Genesis Integration Acquires Audability

Second Genesis Integration acquisition of 2017 gives company a nationwide presence in Canada with an eye toward $75 million in revenue in 2018.


The Audability acquisition increases Genesis Integration’s national reach to 10 locations across Canada, including the Sono Video offices in Quebec.

“This allows Genesis Integration to continue to provide the highest level of service possible and to focus on building stronger, long-term relationships with our customers, vendors and partners,” according to the company announcement.

“This is all about synergy, with both Edmonton, Alberta-based Genesis and Audability bringing different skillsets and experiences,” said McCarthy in the joint press release. “This will propel us forward to become a much stronger force in the audiovisual and collaboration marketplace.”

Genesis Integration and Audability’s combined focus “will bring added value and depth of offerings to their client base,” according to the press release.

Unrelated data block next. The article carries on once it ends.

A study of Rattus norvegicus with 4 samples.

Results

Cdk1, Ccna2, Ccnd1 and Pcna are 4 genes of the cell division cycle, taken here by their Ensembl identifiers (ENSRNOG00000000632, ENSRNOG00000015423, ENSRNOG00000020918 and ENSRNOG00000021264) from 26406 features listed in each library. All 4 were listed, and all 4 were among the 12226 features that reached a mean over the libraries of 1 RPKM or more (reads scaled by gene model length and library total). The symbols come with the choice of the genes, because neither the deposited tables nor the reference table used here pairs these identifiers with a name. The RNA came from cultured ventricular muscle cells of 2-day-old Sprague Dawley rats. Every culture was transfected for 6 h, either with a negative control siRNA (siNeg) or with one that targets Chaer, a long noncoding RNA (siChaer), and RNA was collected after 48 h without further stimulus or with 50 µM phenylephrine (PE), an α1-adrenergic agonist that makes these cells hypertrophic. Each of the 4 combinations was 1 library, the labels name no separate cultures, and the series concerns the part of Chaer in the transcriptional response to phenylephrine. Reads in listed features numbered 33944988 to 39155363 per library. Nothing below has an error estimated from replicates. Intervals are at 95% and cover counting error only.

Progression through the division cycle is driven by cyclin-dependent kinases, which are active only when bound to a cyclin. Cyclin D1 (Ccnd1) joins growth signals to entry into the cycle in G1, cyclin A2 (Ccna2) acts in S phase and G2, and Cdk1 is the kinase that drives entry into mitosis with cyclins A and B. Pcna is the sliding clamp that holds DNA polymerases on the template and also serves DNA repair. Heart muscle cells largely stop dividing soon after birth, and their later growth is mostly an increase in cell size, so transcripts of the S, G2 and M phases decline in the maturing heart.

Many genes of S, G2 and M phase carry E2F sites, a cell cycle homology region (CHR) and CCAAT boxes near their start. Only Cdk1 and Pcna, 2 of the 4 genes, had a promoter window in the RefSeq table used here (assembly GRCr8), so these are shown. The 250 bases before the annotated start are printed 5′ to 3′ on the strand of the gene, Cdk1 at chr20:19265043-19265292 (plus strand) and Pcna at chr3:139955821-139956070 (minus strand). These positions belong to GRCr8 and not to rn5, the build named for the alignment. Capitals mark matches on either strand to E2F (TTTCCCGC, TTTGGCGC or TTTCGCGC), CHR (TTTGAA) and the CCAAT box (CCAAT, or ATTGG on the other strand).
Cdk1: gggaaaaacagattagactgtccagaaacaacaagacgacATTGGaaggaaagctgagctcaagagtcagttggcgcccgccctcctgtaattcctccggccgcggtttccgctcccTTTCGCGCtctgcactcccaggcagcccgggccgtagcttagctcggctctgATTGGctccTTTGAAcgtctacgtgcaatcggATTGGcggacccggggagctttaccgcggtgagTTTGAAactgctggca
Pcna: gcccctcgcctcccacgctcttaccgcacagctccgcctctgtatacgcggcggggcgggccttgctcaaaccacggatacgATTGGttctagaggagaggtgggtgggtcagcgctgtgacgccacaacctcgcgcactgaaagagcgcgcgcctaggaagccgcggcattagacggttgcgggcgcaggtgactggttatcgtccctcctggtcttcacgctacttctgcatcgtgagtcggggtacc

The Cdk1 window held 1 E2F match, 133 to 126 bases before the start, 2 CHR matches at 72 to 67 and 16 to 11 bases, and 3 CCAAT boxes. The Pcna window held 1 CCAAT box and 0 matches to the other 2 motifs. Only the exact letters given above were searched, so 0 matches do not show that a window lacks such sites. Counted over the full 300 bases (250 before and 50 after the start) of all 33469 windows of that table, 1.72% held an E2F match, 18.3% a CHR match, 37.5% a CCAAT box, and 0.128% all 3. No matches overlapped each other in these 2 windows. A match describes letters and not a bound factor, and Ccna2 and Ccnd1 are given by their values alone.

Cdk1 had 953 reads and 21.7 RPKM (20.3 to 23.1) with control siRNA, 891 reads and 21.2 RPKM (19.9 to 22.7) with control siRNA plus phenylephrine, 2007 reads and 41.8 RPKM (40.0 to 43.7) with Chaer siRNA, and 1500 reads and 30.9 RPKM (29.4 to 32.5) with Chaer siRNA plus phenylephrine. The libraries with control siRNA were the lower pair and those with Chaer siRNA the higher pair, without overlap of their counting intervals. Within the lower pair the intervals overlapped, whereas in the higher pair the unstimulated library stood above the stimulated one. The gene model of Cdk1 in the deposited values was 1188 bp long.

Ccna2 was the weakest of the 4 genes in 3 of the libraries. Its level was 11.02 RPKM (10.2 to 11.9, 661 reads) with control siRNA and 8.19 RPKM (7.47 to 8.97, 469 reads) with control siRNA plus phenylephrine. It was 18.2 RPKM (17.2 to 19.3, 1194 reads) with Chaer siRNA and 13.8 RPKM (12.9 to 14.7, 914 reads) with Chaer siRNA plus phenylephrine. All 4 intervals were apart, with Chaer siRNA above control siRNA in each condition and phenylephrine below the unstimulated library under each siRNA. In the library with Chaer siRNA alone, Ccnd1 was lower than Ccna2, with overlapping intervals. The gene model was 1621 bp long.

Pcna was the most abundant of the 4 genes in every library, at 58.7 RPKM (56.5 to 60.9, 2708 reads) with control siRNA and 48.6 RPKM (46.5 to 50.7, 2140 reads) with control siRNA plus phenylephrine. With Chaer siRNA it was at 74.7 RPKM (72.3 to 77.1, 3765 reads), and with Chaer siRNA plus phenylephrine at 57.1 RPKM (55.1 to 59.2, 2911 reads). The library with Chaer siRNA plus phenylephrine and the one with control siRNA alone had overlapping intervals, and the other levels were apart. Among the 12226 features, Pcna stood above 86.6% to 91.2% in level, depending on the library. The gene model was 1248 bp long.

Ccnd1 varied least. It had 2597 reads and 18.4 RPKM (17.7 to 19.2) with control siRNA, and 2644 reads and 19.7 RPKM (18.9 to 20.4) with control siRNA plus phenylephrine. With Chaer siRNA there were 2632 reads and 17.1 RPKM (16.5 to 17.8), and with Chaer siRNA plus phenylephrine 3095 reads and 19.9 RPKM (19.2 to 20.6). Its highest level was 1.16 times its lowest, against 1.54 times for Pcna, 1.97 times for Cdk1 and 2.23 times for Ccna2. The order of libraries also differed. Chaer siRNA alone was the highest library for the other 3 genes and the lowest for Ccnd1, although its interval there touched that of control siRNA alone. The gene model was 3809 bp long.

“We are integrating the combined talents of two companies making one great company with exceptional capabilities” says Audability CEO Andrew Turner in the joint press release. “Being Canadian-owned and operated, we have a unique understanding of this country and the needs of our customers.”

The Audability acquisition marks the second this year for Genesis, following a deal in January to acquire London, Ontario-based Edcom Multimedia Products.

Genesis’ video conferencing as a managed service solution has allowed Edcom’s sales team to go back to their customers with a fresh message.

London, Ontario is far enough away from Genesis’ Toronto and Ottawa offices that it allows the firm to provide good coverage in Ontario, Canada’s most populous province.

In a previous interview with CI, McCarthy had talked about the $50 million threshold as being the time when an integration firm becomes large enough to blur that line between product- and service-revenue.

“When you get there you can negotiate some rebates and the product piece becomes more relevant,” he says.